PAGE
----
Posted on 6th November 2013
A radio scheme that gives charity shop workers a direct line to their local policing team is launching in Matlock in time for the Christmas shopping season.
Charity Watch works in a similar way to the town’s already established ShopWatch, with retailers contacting each other and police over the airwaves to report suspicious activity or crimes.
Ten of Matlock’s charity shops have already signed up for the scheme and have a specific phone tree to use in the event of a crime or suspicious incident.
Information can be passed quickly between the stores and to Sue Ryder Care, the manager of which has a radio to speak directly to Matlock police.
PCSO Tammy Bell-Heather, from Matlock Safer Neighbourhood Team, helped set the scheme up.
She said: “The very nature of a charity shop is to earn money to fund worthy causes and if someone steals from them, the damage can be devastating.
“Charity shops are as vulnerable to shoplifters as big high street chains, especially in the run-up to Christmas, but they often don’t have the security staff on hand, and the financial loss of theft can’t be quickly recouped.
“It’s vital that we do everything we can to protect them and that is the sole aim of Charity Watch – to encourage communication between themselves to share details of suspicious people and behaviour, and to have a direct line to the police station so we can be called out when they need us.”
The already established ShopWatch scheme is run by police and Derbyshire and Nottinghamshire Chamber of Commerce, and requires retailers to pay a fee to cover the cost of kit and membership.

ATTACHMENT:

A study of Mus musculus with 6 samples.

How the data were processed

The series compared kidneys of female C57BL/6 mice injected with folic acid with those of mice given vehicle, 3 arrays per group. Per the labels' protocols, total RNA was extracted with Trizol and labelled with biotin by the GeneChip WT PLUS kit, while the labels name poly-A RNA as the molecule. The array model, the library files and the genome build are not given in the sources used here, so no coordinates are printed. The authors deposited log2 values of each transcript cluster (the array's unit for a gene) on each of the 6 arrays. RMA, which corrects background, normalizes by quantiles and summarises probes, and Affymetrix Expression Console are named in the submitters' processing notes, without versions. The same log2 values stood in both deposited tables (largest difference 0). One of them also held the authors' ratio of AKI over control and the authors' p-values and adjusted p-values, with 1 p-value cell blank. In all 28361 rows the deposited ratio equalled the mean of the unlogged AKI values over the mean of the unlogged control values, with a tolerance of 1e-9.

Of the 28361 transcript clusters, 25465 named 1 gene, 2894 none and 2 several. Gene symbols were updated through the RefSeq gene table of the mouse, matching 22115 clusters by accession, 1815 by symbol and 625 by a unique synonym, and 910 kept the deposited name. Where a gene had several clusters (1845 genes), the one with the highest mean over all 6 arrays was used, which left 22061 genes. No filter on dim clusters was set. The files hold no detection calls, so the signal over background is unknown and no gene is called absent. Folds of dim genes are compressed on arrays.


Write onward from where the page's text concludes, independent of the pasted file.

Charity Watch works slightly differently in that shops are linked together through the phone tree and to police via the radio at Sue Ryder Care.
It also allows Sue Ryder staff to hear radio messages from other retailers across the town, such as descriptions of offenders.
That radio, together with the subscription to the ShopWatch scheme, have been donated free of charge to Sue Ryder Care from the Chamber of Commerce.
Tracy Uphill, the manager at Sue Ryder Care, said: “Our charity shops have to have a united front against shoplifting if we are going to stop it.
“We do get targeted quite a lot because we stock new items as well as selling older ones, and when we do have a theft it can be damaging.
“We are all getting our volunteers on board to help make the scheme a success and I think it will be a great tool for us to guard against thieves, making us more vigilant along the way.”
Andy Watterson, BusinessWatch manager at the Chamber of Commerce, said: “We are very pleased to support the Charity Watch scheme in Matlock.
“Charity shops now constitute a larger proportion of the High Street than ever before and they are not immune from the recent increase in shoplifting.
“This initiative will enable these retailers to tap into the valuable intelligence circulated amongst the ShopWatch group and help them to reduce their losses due to theft.”
To find out more about the scheme, call Matlock Safer Neighbourhood Team on 101.
If you want to report a crime, call 101, 999 in an emergency or Crimestoppers, anonymously, on 0800 555 111.